Artificial QuickSort
  Updated: 10.04.2007 19:00 CET

Here we are. A new sorting algorithm has been invented, using the Critticall programming tool. It's worth to mention, since it's faster then QuickSort. In fact it degenerates to some kind of (fast!) QuickSort, when purely random arrays are to be sorted. For more frequent everyday arrays with some equal elements, it's significantly faster than the old champion.

You are free to test it and use it every way you wish, the code is bellow the gif algorithm demonstration.

  Animation example with random data

                                Artificial QuickSort                            QuickSort
                                 with InsertionSort                        with InsertionSort

Show ORTO Artificial QuickSort source C++ code
ORTO means strictly comparison version of the Artificial sort. A little slower but still faster than Quick sort

Use this algorithm every way you want. Especially for large arrays the difference may be substantial. Everything comes down to the fact, that the information that something is already sorted is used on one hand, and that the middle point between two unsorted elements is generally a good pivot - on the other.

As this algorithm somehow managed to escaped every human to spot it for the past forty years, it's quite conceivable, it's not the end of the story, yet. Stay tuned for further advances or try it for yourself, using Critticall.
The main innovation compared to the QuickSort is: Don't sort an already sorted segment!. A lot of repeating partitioning can be avoided, if the already ordered segments are just tested once and left alone - no additional tests, let alone additional partitioning. For the QuickSort, a sorted segment is a subject of maybe a lot of the repetitive comparing, partitioning and stacking. Artificial QuickSort can harness the order it encounters. What often gives it a considerable edge.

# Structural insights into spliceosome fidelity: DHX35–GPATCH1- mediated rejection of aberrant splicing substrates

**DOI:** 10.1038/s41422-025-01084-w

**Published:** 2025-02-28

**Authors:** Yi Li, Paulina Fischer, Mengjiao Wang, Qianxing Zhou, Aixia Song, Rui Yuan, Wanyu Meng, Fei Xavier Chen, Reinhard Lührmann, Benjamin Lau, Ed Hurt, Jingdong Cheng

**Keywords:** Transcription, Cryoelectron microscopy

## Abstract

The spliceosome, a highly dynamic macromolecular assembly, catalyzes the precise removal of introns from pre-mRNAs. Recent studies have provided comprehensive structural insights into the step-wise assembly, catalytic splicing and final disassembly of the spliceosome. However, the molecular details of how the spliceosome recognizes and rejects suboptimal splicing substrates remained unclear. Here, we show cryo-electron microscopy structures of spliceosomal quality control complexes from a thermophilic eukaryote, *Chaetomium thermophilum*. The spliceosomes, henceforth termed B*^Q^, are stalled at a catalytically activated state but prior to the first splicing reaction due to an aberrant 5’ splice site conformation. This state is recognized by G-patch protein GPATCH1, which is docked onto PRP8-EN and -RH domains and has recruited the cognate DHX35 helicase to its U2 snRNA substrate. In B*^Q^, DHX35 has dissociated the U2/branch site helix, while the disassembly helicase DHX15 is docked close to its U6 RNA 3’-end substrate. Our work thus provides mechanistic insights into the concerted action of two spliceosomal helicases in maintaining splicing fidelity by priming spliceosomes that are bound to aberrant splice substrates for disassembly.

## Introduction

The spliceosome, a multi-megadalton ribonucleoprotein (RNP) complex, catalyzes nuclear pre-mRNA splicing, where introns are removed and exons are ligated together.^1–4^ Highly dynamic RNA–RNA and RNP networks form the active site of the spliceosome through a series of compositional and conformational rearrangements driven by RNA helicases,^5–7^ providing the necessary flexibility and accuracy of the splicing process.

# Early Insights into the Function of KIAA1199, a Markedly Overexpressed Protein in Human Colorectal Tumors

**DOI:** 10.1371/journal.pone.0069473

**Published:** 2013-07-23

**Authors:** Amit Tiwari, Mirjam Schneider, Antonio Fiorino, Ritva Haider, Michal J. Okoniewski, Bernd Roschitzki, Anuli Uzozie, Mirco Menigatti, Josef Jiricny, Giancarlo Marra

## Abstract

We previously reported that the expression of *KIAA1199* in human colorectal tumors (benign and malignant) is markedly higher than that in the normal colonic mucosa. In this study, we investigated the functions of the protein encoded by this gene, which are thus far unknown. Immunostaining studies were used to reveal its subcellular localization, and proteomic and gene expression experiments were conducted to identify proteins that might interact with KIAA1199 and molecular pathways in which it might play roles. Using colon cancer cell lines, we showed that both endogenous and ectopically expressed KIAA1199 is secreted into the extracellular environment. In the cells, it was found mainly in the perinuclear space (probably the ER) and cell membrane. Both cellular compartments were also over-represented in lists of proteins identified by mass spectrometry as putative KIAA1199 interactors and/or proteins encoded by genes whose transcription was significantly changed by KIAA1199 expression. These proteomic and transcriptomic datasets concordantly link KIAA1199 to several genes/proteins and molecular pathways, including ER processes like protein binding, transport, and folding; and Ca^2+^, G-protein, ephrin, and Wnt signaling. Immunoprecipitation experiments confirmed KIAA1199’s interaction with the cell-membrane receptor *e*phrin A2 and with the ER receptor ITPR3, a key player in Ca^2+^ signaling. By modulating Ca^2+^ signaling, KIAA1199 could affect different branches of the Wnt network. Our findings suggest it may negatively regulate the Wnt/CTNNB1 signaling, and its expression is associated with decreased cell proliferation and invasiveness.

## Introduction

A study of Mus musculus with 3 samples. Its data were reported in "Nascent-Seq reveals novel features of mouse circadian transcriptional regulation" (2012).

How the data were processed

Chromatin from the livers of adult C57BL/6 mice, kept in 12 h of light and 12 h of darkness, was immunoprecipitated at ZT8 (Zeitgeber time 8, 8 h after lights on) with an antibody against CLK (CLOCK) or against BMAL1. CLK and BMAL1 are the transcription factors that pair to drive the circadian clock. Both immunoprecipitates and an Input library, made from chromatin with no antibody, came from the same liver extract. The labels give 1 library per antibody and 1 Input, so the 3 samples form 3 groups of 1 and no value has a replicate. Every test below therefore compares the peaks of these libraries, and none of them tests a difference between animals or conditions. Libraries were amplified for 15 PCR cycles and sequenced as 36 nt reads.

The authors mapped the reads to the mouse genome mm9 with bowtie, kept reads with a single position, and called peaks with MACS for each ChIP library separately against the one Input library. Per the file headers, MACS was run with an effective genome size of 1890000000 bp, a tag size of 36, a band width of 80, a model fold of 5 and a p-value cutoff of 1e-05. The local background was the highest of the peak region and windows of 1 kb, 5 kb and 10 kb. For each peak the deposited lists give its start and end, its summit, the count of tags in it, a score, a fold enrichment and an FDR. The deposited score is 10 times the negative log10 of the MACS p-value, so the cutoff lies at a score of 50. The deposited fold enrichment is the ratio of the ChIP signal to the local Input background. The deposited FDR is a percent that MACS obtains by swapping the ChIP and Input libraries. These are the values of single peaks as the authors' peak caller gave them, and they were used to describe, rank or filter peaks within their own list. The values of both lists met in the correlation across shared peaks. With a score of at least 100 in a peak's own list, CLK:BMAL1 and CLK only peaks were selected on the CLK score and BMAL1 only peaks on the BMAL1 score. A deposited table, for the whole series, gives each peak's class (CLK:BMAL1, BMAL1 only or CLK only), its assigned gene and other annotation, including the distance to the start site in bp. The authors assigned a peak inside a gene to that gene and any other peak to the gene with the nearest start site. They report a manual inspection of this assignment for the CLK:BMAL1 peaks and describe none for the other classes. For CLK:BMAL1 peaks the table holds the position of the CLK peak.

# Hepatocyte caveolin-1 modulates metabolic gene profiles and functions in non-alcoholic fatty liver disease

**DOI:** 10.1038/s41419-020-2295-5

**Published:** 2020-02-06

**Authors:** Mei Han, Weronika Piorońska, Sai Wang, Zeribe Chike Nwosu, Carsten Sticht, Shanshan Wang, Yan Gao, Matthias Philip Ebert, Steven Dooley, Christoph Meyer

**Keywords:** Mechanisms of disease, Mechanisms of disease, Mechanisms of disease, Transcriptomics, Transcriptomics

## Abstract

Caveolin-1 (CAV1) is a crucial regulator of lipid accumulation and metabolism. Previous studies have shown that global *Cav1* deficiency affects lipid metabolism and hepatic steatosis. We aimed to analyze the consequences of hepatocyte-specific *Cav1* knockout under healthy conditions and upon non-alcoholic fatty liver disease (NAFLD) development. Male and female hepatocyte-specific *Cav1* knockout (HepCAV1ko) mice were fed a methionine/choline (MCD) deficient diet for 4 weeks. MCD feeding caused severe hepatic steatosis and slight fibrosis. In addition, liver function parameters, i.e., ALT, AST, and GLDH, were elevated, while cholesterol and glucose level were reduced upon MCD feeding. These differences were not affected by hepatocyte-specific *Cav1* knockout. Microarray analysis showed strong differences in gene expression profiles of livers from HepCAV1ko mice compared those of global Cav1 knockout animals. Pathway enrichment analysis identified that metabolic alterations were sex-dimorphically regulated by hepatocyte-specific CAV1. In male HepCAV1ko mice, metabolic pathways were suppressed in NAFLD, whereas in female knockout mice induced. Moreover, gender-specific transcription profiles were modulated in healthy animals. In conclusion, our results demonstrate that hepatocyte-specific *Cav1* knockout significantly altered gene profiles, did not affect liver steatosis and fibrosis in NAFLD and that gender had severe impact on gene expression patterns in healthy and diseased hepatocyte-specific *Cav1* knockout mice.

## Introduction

Comparison table:

AS - Artificial QuickSort with InsertionSort
QS - QuickSort with InsertionSort

  NumberOfRec = 30.000.000 NumberOfRec = 10.000.000 NumberOfRec = 1.000.000
Data = Rnd(-10000000, 10000000) AS = 12437 ms
QS = 12781 ms
AS = 3968 ms
QS = 4046 ms
AS = 343 ms
QS = 359 ms
Data = Rnd(-1000000, 1000000) AS = 10500 ms
QS = 11828 ms
AS = 3563 ms
QS = 3891 ms
AS = 344 ms
QS = 360 ms
Data = Rnd(-100000, 100000) AS =  8562 ms
QS = 10812 ms
AS = 2859 ms
QS = 3484 ms
AS = 313 ms
QS = 343 ms
Data = Rnd(-10000, 10000) AS =  6875 ms
QS = 10078 ms
AS = 2313 ms
QS = 3188 ms
AS = 219 ms
QS = 282 ms
Data = Rnd(-100, 100) AS =  3703 ms
QS =  8407 ms
AS = 1234 ms
QS = 2656 ms
AS = 125 ms
QS = 234 ms
Data = Rnd(-10, 10) AS =  2094 ms
QS =  7640 ms
AS =  703 ms
QS = 2453 ms
AS =  78 ms
QS = 203 ms


Every vertical line represents the array and every pixel is an element. Bigger (brighter) and smaller (darker) are randomly mixed on the left side and sorted on the right. The transition during the program's execution is clearly visible.

What has really happened that day, back in 2007, when the ArtificialQuickSort was born? We have just realized then, that the Several Unique Sort, which has evolved further to the Two Unique in the environment of exactly two different keys to sort, has a potential to partition a file into two parts. Those greater than the pivot and those not greater than the pivot. Whatever the pivot may be. So, we wrote the code. After some additional cooking inside Critticall, we basically got what is now the Artificial QuickSort.

One may ask, what is the difference between Quick and Artificial? The answer is - in the partitioning! Artificial partitions differently or not at all, unless it's absolutely necessary.